What Drives Our Loneliness?

This article was originally published in The Huffington Post.

When we perceive ourselves as lonely, it can actually imperil our health. Research has shown that both perceived and actual social isolation were associated with increased risk of early mortality. Studies have found links between perceived loneliness and heart disease, while other research has suggested that loneliness and social isolation may be a greater threat to public health in the United States than obesity.  On the contrary, when we feel socially included, both our physical and mental health improve. Feeling lonely can be temporary in cases like moving away from home or traveling on your own. It can be necessary like when exiting an unhealthy relationship or taking time to get to know yourself. Yet, loneliness isn’t something that we should take lightly. A loneliness survey, conducted by AARP, showed that more than 42 million U.S. adults over age 45 suffer from chronic loneliness.

According to the Encyclopedia of Human Relationships, “the most broadly accepted definition of loneliness is the distress that results from discrepancies between ideal and perceived social relationships.” The key word here is “perceived.” Loneliness is not the same as being alone. Individuals can feel isolated or outcast in even the most social-seeming of circumstances. Alarmingly, one study in the United Kingdom, which surveyed millions of people, showed that one in 10 people didn’t feel they had a single close friend.

“As a social species, humans rely on a safe, secure social surrounding to survive and thrive,” wrote loneliness researchers Louise Hawkley and John Cacioppo. So, what is making us feel so isolated? Science may be offering many answers to this question. Studies have shown that lonely people have more fear of negative evaluation and often engage in overly cautious social behaviors that perpetuate their social isolation. Ironically, social media has even been linked with increased feelings of social isolation among young people.

While there are many elements in our society that can drive us to feel removed or alienated, the prevalence of loneliness across a population of diverse ages and social backgrounds drives us to look closer at the personal psychological factors that are at play. “The isolation and comfort of contemporary society carry with it the risk of reinforcing psychological defenses that contribute to an inward, self-protective, and somewhat emotionally deadened way of being and living,“ wrote my father, Robert Firestone, in a book we co-authored Creating a Life of Meaning and Compassion. Individuals build certain psychological defenses to adapt to their early environment that can hurt or limit them in their current lives. These defenses can lead to feelings of alienation, isolation, and depression. To truly face and fight our loneliness, we have to look inside at these deeper defenses, as well as the self-image we formed as a result.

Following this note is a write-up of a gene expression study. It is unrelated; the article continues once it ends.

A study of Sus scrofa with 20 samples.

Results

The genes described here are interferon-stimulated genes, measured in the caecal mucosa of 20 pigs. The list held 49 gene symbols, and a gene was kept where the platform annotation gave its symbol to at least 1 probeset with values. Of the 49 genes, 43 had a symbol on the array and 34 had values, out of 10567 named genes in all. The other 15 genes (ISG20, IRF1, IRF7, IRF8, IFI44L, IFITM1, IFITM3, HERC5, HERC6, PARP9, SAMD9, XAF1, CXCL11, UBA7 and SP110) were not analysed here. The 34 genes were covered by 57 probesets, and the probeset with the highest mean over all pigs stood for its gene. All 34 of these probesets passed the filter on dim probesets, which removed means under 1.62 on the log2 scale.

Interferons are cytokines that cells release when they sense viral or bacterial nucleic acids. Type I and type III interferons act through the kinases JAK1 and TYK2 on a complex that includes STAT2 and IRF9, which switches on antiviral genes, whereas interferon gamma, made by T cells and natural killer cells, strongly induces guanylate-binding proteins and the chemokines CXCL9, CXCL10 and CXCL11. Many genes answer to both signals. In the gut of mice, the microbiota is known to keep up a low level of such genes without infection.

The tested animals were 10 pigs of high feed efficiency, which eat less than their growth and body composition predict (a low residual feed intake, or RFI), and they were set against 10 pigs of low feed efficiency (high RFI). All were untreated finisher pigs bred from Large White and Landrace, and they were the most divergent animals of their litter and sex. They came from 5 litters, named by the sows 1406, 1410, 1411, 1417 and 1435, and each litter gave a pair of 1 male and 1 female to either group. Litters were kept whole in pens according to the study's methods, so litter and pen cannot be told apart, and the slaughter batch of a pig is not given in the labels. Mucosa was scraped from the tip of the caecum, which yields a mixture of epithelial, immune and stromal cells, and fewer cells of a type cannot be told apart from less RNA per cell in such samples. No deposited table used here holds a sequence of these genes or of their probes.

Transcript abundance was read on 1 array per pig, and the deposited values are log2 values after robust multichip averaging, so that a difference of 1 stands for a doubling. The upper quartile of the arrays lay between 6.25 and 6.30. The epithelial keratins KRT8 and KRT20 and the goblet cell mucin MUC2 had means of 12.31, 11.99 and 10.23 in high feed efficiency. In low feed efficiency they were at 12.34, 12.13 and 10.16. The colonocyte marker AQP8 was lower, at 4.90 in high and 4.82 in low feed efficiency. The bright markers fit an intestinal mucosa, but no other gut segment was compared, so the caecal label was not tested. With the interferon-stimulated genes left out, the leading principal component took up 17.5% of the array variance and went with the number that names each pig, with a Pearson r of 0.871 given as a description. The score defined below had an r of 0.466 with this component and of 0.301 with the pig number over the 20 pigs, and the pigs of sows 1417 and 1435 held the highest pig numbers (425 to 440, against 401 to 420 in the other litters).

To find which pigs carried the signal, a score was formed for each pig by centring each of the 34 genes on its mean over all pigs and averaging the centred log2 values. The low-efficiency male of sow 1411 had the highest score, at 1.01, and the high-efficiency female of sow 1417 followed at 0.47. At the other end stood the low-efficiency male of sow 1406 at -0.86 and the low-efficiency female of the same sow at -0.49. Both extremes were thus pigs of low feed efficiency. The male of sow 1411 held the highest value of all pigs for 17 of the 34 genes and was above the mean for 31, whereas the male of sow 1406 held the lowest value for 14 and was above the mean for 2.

Our psychological defenses come from negative experiences early in our lives that caused us to develop certain adaptations and behaviors, so we could feel safe and secure in our environment. An angry, erratic parent may have led us to stay quiet and retreat inward so as not to attract attention. An unavailable, distant or rejecting parent may have similarly caused us to retreat and try to be self-sufficient, taking care of our own needs. As adults, we maintain these adaptations even when they are no longer conducive to our current lives and relationships. We may be reluctant to trust again. We may harbor old fears of rejection, negative anticipations, or cynical views. We may project negative qualities onto others and practice caution in how we approach them.